Rolling Stone is one of the biggest music publications in the world. Founded in the mid-60s, the monthly magazine originally focused on rock music and featured the political writings of Hunter S. Thompson. Later, the publication broadened its range to cover pop culture, TV, actors, and the popular music of the time. Over the years, the publication has released several best-of lists that featured some of the most important albums ever pressed. Most recently the publication shared its list of the 100 greatest country albums of all time.
Country music as we know it today began back in 1927 with the Bristol Sessions. Jimmie Rodgers and The Carter Family became the first country stars. Since then, the genre has grown and changed significantly. It went from the Hillbilly Music of Appalachia to one of the most commercially viable genres in the United States. However, their list of the greatest country albums doesn’t go back quite that far.
As the list’s introduction points out, some of the greatest artists from the early days of country music didn’t press albums. Instead, folks like The Carter Family and Jimmie Rodgers released stacks of double-sided singles. It wasn’t until the 60s that country artists started focusing on releasing full-length albums.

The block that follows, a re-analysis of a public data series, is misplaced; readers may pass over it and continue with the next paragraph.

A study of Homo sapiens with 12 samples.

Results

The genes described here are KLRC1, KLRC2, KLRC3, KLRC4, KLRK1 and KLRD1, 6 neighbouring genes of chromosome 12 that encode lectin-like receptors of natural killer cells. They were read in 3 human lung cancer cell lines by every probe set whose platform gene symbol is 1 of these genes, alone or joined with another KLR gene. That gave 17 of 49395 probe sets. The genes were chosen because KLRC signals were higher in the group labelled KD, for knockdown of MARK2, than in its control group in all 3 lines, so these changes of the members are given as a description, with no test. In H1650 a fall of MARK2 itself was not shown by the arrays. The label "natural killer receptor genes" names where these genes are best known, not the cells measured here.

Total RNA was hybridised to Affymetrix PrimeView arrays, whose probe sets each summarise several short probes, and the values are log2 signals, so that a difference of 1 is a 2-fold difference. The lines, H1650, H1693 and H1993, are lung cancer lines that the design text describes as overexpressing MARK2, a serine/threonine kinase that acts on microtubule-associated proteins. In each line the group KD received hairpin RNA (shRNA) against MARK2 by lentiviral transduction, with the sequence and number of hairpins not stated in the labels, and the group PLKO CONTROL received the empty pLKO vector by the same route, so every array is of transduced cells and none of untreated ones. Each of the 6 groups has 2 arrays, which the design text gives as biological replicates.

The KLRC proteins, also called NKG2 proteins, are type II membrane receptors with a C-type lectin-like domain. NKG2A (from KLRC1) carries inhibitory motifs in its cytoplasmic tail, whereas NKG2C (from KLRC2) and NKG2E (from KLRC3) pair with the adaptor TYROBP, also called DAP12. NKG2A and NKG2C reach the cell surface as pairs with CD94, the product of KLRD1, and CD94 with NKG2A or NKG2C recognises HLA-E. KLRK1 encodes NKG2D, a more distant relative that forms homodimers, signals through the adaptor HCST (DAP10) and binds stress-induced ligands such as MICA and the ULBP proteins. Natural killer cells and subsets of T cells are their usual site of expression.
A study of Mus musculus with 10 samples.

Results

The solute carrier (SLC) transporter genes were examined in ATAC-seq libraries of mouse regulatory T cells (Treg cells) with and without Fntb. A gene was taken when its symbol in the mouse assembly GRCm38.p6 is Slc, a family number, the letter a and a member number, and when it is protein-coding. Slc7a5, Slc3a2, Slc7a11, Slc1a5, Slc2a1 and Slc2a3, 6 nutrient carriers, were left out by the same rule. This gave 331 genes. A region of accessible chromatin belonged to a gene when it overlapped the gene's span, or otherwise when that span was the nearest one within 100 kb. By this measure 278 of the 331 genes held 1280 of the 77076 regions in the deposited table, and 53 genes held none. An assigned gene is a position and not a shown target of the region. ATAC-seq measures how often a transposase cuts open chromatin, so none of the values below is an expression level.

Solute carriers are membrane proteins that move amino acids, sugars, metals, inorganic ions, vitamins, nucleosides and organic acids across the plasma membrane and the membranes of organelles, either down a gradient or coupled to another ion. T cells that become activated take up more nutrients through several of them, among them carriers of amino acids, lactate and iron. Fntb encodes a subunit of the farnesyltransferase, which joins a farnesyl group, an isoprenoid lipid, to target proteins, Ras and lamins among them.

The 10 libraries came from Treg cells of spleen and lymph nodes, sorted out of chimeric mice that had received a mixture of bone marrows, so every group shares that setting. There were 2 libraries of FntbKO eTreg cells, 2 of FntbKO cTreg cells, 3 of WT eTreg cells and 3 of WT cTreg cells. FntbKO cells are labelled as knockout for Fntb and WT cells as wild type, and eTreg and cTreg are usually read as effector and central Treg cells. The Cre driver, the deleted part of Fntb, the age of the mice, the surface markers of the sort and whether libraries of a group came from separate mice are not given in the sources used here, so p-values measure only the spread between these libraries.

With that being said, this list contains some killer records from country royalty from the past and present. You’ll find folks like Kenny Chesney, Bob Wills, Waylon Jennings, Taylor Swift, and many more. In short, the RS staff did their homework while compiling their picks for the greatest country album of all time.
Rolling Stone’s Pick for the Greatest Country Album Ever Pressed
As you’d expect, the top ten features albums from some of the greatest country artists to ever step into a studio. Merle Haggard, Randy Travis, Shania Twain, Willie Nelson, Waylon Jennings, and other unsurprising names populate the top of the list.
Coming in at number one, though, is Dolly Parton’s Coat of Many Colors. As far as picks for the greatest country album of all time, this one is hard to argue with. Dolly is an icon. She has influenced countless artists. However, her influence doesn’t end with her music. Instead, Parton has shown us all what it means to be humble, loving, and generous.
In 1971, Dolly Parton was still pulling away from Porter Wagoner and trying to strike out on her own. This album really set her solo career in motion. It showcases her Appalachian roots through the bluegrass-tinged arrangements in most of the songs. Additionally, Dolly tells a touching story from her childhood in the title track. In many ways, the iconic album Coat of Many Colors is the origin story of one of the greatest artists in country music.
Both Dolly and Coat of Many Colors have aged like wine. It’d be hard to pick an album that was more important to country music as a whole than this one.